Assistant coach Jacques Nienaber says the Springboks are still in a developmental phase under boss Rassie Erasmus.
Speaking at a media conference in the aftermath of the 10-point loss to the All Blacks and ahead of the Springboks’ second World Cup pool match – against Namibia – Nienaber pointed out that South Africa are not yet the full package.
‘We’ve got a plan in terms of developing the squad, that would always take preference above anything and so we try to develop our game across the board – attack, defence, kicking, mental approach, work ethic. We always try to improve on those things,’ Nienaber said.
‘For example, there is no point in setting limits for the number of points scored and/or conceded per match. We’ve got certain things that we would like to achieve in a game, and obviously we saw things that we lacked in the Test against New Zealand, and we want to improve our systems and the skill sets of the individual players within those systems. Seeing improvement there will be more joyful than maybe only conceding the number of points you set yourself to concede,’ he explained.
Following the Boks’ loss to the All Blacks and Ireland’s commanding win over Scotland, South Africa appear to be on a collision course with the Irish in the quarter-finals. But Nienaber is adamant that the Boks are better prepared for the quarter-final because of the tough pool fixture against New Zealand.
‘I told Rassie it’s probably a benefit to play a semi-final type of game in the pool stages. I know it is a cliche, but we learned a lot from it. For us it was a great match in terms getting tested on all areas of the game – tactical play, physicality, speed, mental toughness, and dealing with the enormous buildup during the week,’ said Nienaber.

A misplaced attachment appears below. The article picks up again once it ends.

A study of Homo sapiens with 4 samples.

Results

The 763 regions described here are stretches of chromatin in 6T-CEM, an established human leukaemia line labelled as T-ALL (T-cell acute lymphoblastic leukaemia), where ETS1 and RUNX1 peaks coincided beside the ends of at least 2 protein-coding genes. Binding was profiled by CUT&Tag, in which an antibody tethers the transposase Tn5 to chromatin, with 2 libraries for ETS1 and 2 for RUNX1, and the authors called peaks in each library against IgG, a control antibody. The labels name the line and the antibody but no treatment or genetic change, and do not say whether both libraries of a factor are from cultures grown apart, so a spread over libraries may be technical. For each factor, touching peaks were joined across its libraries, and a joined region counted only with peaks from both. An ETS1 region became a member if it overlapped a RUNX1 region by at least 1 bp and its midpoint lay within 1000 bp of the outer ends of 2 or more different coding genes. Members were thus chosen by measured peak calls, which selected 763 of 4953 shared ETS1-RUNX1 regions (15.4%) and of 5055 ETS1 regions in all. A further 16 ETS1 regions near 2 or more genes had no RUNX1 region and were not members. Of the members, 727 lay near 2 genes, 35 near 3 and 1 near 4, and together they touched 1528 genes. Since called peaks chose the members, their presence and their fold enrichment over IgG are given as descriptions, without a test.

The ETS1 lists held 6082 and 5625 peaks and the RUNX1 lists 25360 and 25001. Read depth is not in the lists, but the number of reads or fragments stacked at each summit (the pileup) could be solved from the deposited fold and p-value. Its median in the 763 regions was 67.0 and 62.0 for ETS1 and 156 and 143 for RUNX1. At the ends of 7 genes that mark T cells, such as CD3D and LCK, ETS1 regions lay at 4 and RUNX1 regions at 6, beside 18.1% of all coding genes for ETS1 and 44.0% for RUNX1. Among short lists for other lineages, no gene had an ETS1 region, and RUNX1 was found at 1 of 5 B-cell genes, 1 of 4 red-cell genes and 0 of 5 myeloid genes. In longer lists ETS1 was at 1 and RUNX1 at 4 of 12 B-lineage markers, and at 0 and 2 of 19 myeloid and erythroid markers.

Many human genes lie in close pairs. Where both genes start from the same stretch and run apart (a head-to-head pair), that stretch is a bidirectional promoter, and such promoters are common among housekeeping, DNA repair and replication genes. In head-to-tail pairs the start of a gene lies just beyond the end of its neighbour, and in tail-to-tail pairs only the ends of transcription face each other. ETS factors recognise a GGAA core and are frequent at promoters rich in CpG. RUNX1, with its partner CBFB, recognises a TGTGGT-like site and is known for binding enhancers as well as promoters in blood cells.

‘You know if you play the All Blacks and you make two errors, it’s 14 points. We made three consecutively and it was 17 points. So it’s nice to play in a game like that [early in the tournament], where there is pressure on you.’
The Boks defence coach did, however, laud Ireland’s defensive structure and organisation, especially after they prevented Scotland from scoring a try in their opening match at the World Cup.
‘We didn’t watch the game against Scotland in too much detail, we were travelling at the time. But if you look at all internationals teams’ defence from the last year or so, I think Wales and Ireland conceded 1.2 tries per match, so around about 15 points per match. And depending on what metric you use, they were probably the stingiest defences around. Ireland are a phenomenal defensive unit. They are solid as a rock as always.’